For employees faced with a personal situation that requires an extended period of time away from work, you may be eligible to take a leave of absence.
A leave of absence will likely fall under one of two categories, including a “Personal Leave of Absence” or leave through the “Family and Medical Leave Act (FMLA).”
Let’s explore the FMLA first.
If you or a family member were injured in the house fire, you may be eligible for leave under the FMLA, which is a federal law that took effect in 1993. The law helps balance workplace demands with the medical needs of employees and their families.
Under the FMLA, you are entitled to take up to 12 weeks of unpaid leave during a 12-month period for your own serious health condition, or to care for an immediate family member who has a serious health condition. If you're going to be caregiver to an "immediate family member," know your state's definition of who is defined and qualified as an “immediate family member.” Federal law defines “immediate family members” as parents, spouses and children. However, some states have expanded the definition to include a domestic partner, a parent-in-law, a sibling and a grandparent.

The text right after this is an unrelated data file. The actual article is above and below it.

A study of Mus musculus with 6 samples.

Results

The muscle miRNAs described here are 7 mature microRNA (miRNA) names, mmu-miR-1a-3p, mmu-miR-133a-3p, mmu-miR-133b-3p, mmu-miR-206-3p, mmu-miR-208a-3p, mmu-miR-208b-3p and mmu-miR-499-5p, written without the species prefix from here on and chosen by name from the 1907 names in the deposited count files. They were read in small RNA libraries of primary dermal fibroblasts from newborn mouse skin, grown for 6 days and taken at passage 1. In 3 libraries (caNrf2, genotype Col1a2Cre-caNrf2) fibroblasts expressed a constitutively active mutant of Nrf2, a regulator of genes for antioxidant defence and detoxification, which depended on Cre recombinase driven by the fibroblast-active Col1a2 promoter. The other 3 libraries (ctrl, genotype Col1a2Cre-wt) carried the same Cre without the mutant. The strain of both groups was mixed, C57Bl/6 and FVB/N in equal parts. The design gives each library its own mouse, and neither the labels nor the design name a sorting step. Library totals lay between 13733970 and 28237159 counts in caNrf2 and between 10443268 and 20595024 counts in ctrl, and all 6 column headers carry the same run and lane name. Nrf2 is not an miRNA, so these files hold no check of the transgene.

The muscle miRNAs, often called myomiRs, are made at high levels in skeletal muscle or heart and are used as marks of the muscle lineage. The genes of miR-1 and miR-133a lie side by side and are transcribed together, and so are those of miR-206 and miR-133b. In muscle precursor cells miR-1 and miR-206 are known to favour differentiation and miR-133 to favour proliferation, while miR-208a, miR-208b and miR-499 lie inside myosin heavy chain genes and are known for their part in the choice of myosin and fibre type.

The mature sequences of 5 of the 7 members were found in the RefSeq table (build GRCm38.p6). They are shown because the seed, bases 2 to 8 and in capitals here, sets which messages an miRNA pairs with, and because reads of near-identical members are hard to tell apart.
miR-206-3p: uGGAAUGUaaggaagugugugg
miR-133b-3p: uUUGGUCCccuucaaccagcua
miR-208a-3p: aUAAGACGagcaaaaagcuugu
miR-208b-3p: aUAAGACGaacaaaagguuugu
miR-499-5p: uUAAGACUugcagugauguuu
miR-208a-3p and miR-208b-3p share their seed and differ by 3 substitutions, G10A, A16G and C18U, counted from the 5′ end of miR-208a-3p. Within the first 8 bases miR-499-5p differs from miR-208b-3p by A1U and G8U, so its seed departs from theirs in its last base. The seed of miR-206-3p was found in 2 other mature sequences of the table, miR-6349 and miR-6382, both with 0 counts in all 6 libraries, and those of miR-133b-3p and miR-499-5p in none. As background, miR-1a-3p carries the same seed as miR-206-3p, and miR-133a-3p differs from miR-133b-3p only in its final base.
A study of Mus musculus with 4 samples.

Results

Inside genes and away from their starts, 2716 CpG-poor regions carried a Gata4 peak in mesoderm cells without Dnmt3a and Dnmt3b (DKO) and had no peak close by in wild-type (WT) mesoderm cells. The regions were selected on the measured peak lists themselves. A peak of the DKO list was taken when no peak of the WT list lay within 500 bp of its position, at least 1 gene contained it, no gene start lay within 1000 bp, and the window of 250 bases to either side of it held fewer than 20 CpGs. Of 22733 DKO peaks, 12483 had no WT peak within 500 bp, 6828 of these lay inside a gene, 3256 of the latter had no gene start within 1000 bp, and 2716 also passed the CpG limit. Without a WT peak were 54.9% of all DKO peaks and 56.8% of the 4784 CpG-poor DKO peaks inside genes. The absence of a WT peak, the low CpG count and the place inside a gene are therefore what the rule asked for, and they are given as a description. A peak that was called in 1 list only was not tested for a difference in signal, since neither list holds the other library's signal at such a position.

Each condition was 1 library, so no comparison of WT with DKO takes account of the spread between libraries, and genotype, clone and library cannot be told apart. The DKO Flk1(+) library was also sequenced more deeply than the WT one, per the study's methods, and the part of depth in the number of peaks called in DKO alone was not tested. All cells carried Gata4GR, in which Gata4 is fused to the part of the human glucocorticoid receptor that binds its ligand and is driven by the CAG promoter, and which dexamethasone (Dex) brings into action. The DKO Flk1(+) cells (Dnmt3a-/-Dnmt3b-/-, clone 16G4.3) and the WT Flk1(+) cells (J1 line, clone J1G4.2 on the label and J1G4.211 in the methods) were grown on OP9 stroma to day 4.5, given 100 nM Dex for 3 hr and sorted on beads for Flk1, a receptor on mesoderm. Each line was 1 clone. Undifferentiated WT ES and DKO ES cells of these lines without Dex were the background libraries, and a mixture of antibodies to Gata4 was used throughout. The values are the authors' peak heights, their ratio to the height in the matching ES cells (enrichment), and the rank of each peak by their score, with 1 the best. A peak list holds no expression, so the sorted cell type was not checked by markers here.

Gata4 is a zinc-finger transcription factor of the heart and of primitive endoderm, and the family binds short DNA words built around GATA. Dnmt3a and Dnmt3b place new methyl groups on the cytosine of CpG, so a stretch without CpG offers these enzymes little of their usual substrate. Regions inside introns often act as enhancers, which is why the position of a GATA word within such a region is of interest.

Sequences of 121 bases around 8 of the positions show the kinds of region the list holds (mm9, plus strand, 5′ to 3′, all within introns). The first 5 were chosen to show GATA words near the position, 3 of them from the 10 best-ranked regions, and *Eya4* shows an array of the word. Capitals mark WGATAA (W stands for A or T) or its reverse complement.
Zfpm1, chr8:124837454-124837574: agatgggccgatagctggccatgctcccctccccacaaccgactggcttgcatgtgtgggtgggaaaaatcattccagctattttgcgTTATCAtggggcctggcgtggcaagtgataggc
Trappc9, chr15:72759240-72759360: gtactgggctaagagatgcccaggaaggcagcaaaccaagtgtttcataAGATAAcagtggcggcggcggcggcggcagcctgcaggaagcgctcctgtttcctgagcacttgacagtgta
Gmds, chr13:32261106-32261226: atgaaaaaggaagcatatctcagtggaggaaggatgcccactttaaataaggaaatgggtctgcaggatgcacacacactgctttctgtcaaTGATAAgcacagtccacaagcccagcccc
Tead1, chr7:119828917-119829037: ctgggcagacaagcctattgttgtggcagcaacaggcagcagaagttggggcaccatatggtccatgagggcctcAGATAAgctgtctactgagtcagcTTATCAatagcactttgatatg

Now let’s look at a “Personal Leave of Absence.”
If you or an “immediate family member” was not injured in the house fire, you may still be eligible for a leave of absence to deal with stress and work of recovering from a house fire. Start by reviewing your company’s employee handbook to learn about its leave of absence policy. You can also talk to your human resources department.
There are several things to consider when requesting a persona leave of absence:
We hope you have found this information to be helpful to you. Please feel free to reach out to us with any questions. We want to help you not only survive, but thrive after your house fire tragedy.